But, it is recent policies that threaten to bring the biggest change to general practice. APMS, polyclinics and the DoH's insistence on the introduction of 'the market' and private providers could drastically alter the face of the profession.
Many practices are so concerned about these issues that it is difficult to plan for the long term. Some fear they may be forced into polyclinics, while others are worried about contracts private providers are winning in their area. This, coupled with the fact that 90 per cent of practices are unclear about future income levels because of the end of the MPIG, makes for uncertain times.
Because of this uncertainty practices are more reluctant to offer partnerships. Figures from earlier this year show that the number of partners in England fell from 29,340 in 2005 to 27,342 in 2007 (GP, 25 April).
Partnership opportunities for new and younger GPs are thin on the ground, which means the majority will start out as salaried employees, but there are also fewer salaried posts available in traditional practices.
In 2006, GP conducted a survey among a group of 'GPs to be'. More than half said that they would not work for a private provider under any circumstances.
Fast forward two years and the results are very different. Today, only 36 per cent said that they definitely would not work in a private company 52 - per cent said that they would.
In most cases, this is not because they want to work for private providers; it is because there is little other choice. Most of these new GPs want to become a partner, but a job is a job and their main priority is to use their training and practise as a GP.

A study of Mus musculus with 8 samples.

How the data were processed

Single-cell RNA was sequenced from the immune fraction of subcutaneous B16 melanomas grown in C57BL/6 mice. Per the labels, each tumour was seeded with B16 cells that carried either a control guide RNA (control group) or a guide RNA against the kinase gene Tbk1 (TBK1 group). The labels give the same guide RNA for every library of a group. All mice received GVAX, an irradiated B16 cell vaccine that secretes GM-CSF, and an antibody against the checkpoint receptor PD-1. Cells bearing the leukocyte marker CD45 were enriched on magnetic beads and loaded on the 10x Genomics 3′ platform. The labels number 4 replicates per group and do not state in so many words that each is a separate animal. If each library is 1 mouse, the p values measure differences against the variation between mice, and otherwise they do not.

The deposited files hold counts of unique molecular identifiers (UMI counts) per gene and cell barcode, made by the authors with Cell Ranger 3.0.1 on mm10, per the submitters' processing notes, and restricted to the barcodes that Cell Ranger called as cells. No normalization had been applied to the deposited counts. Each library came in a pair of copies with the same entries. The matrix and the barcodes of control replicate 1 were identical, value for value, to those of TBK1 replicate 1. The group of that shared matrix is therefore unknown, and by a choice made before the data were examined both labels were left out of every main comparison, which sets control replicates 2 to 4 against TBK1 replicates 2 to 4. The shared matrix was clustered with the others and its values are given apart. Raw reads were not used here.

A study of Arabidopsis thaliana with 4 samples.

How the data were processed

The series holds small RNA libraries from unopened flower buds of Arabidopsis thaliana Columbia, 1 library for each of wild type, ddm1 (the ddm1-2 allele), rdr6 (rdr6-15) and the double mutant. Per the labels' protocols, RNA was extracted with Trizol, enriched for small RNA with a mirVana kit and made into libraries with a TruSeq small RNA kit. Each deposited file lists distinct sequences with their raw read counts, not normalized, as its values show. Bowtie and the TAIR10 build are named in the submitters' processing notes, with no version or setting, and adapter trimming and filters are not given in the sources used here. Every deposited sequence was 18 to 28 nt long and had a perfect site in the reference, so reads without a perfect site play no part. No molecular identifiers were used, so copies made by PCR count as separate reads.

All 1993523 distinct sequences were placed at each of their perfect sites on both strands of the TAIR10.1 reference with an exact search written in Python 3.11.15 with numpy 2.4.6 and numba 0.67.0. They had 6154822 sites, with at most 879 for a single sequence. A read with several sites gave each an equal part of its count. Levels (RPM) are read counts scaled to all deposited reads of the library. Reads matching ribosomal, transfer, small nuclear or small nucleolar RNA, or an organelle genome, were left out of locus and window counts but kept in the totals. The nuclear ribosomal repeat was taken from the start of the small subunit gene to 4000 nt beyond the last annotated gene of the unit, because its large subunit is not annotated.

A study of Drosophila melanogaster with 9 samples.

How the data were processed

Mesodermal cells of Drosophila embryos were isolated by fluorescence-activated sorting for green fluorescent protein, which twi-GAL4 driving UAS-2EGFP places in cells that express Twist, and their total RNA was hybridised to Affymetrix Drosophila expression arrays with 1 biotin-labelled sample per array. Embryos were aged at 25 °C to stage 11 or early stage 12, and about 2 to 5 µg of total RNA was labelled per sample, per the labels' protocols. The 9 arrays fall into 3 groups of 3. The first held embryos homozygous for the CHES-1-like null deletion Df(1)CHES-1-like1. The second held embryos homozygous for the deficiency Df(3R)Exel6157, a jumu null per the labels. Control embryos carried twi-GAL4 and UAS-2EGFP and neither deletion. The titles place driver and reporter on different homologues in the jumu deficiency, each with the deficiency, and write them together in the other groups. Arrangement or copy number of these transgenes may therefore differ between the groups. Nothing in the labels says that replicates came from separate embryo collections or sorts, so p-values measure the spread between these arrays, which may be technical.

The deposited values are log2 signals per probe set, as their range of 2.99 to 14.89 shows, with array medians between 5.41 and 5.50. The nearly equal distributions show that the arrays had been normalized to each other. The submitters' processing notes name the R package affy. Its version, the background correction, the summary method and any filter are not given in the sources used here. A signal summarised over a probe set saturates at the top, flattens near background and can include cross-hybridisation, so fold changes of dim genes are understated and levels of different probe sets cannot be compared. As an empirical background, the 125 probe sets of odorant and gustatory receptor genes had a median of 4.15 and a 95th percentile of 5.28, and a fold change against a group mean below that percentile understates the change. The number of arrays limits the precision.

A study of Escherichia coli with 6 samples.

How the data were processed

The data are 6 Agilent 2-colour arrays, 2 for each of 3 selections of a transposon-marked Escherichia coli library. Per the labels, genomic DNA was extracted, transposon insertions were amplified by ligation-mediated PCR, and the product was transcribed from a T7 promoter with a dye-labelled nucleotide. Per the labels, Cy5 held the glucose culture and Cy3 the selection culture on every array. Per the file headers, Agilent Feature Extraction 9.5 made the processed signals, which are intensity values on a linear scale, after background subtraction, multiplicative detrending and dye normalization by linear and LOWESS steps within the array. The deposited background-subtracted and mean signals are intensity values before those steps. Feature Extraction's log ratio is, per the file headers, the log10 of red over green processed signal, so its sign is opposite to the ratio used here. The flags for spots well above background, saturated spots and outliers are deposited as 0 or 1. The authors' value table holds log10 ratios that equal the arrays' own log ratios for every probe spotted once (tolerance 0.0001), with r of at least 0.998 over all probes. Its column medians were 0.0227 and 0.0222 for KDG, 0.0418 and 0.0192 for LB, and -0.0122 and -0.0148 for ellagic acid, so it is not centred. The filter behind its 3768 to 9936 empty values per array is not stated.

The problems this causes are two-fold. Firstly, you have a group of disaffected young doctors who feel that the career they expected has not materialised and that they are not afforded the chances previous generations of GPs have enjoyed.
Secondly, without more partnerships there is a distinct possibility that working for private providers and polyclinics will become part of the 'normal' GP career path and, in the long run, this could strengthen the hand of these organisations. Taken together these two factors weaken the profession.
To ensure the current model of general practice continues, it is vital that there are more partnership opportunities.
The responsibility for this lies with current partners. If existing partners want to secure the profession's future and guarantee traditional general practice remains at the heart of the UK's health system they must invest in the next generation.